One of the schools where I coach has their big Interschool Competition coming up next week so I’m pondering what advice I can give the team that will help them achieve the best result in the competition.   I think probably the best advice I can give is that if you can avoid blundering you will probably win.

You avoid blunders by not rushing moves, even obvious ones, and when you have decided on your move you ask yourself “what will my opponent reply” and then do a quick check for surprise replies.  As part of this process you would probably have a quick look at all checks and captures (good advice from Cecil Purdy).

Let me show you how this should work.   In today’s puzzle super Grandmaster  Alexander Beliavsky is trying to win as White against a lesser opponent.   Indeed he is a bit better as Black has a weak pawn on c6 and White’s King is closer to the action than Black’s.   Now Beliavsky should start off by determining his candidate moves.   He has three to look at.  1.f6 to lock the Black King in, 1.fxg6+ to open up the Black King to future checks or 1.Kf4 to get White’s King into the action.   Which move would you choose?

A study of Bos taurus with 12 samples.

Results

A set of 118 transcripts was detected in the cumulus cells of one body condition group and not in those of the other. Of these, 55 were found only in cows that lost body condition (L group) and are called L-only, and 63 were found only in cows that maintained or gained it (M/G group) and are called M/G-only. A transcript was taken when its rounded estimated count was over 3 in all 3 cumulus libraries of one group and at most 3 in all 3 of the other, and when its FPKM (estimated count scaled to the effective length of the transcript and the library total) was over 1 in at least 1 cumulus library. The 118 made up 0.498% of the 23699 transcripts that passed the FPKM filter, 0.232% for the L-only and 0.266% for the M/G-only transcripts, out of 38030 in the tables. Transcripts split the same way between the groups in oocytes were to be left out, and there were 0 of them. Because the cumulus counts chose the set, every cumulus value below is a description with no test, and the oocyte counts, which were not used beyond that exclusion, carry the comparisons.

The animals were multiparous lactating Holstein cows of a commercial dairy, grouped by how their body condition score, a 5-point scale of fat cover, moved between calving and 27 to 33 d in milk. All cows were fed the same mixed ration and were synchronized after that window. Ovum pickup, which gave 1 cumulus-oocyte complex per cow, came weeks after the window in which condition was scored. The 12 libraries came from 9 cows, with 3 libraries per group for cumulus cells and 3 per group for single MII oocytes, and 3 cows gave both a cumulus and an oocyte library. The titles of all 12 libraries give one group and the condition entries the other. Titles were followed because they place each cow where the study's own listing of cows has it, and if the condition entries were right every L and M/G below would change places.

[fen caption=”What move should White play?”]8/5p1k/2p3p1/3p1PQp/3P3P/4PPK1/8/1q6 w KQkq – 0 1[/fen]


1.fxg6+ is a bit better for White and 1.f6 Qg1+ 2.Kf4 Qh2+ 3.Qg3 Qe2 is even, so Beliavsky chose 1.Kf4 which looks pretty obvious.  Unfortunately even though he is a super GM he forgot to do that last minute check and ask what his opponent would reply.  He also forgot to look at all checks and captures.   What did his opponent reply?  1…Qb8# of course!